Aurelius Capital, a minority Clearwire shareholder, is suing the directors of Clearwire and Sprint Nextel, unhappy at the merger agreement struck between the companies last December.
According to a Reuters report, Aurelius – a hedge fund which owns 17 million shares in the cash-strapped US wholesaler of capacity – claimed the directors of both firms “violated their fiduciary duties to Clearwire’s minority shareholders”.
Specifically, Aurelius says Clearwire chairman John Stanton should not have led negotiations with Sprint since he was originally nominated to the Clearwire board by the US mobile operator. Sprint already owns a 51 per cent stake in Clearwire.
Crest Financial, another large Clearwire shareholder, has also spoken out against the Sprint deal.
Fuelling shareholder anxiety is the fact that the Sprint offer, which valued Clearwire at $2.97 per share, is well short of a counter bid made in January by US satellite TV company Dish Network, which is worth $3.30 per share.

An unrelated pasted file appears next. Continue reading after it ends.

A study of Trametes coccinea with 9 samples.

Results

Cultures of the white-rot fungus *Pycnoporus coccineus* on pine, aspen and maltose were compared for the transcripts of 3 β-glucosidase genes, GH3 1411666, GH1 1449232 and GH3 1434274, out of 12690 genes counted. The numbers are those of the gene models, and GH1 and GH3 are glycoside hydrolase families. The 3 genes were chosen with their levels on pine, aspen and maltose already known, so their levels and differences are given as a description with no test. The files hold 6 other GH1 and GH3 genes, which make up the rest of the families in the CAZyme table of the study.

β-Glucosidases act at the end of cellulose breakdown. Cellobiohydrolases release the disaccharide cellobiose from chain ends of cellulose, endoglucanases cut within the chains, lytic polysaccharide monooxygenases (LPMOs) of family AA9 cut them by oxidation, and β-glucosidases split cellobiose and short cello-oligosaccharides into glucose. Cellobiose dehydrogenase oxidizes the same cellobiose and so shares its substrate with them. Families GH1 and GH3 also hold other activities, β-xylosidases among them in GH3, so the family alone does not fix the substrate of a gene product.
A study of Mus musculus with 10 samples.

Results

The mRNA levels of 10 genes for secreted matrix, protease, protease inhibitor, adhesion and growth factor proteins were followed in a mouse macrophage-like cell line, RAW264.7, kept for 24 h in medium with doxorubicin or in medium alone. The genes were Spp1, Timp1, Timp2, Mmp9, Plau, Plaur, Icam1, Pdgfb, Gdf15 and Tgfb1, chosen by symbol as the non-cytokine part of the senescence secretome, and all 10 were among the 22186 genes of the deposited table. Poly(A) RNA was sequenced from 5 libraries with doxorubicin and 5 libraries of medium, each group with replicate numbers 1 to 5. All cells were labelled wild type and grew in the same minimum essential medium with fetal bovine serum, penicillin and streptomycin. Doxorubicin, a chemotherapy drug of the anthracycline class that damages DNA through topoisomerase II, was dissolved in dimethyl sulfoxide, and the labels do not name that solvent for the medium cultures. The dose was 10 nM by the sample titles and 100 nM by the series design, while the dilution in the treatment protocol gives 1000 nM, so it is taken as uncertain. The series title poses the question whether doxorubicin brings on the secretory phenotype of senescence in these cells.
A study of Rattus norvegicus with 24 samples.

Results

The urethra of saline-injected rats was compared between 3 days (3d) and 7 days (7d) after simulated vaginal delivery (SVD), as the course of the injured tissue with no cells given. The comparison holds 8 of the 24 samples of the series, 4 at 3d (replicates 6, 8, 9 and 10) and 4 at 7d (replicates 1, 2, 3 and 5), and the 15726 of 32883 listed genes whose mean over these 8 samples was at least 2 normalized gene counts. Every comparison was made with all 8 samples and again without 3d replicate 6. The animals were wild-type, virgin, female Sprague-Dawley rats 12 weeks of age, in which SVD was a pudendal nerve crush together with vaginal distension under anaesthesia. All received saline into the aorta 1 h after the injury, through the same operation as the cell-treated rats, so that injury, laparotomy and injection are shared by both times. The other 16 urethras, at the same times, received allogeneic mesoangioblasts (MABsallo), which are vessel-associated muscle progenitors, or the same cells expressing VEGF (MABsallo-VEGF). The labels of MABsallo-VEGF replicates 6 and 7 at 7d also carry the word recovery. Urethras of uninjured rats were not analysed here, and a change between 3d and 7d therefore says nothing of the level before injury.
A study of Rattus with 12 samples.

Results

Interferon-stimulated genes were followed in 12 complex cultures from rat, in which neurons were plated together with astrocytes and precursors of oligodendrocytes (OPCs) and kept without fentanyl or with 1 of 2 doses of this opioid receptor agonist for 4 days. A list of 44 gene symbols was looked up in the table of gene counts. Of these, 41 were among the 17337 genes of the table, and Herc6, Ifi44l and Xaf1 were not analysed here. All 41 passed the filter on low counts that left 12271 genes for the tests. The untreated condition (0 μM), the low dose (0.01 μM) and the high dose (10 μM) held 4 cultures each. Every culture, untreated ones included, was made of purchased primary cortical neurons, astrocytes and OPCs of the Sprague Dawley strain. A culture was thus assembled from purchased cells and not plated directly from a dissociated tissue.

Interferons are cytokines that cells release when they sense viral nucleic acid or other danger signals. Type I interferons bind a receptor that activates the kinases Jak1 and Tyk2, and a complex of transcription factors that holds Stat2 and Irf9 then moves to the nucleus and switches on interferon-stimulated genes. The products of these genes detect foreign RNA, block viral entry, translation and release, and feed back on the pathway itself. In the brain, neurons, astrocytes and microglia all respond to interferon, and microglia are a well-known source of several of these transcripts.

At the close of trading Friday, the Clearwire share price stood at $3.44.
In another twist, Verizon Wireless made an unsolicited offer on 8 April to buy spectrum leases held by the wholesale operator. According to Clearwire, the offer is worth a gross price of between $1bn and $1.5bn to cover around 5 billion MHz-POPs in large markets.
Walter Piecyk, a BTIG anyalyst, says the bid values Clearwire’s spectrum at between $0.20 and $0.30 per MHz for each person covered. By contrast, says Piecyk, the Sprint offer values Clearwire spectrum assets at $0.21 per MHz per person.
At the announcement of its Q1 results on 25 April, Clearwire said it was still evaluating the Verizon Wireless offer. The company also maintained it had enough cash to fund its operations until Q1 2014, but that would mean cutting back on network upgrades.
A Clearwire shareholder vote on the Sprint agreement is scheduled for 21 May.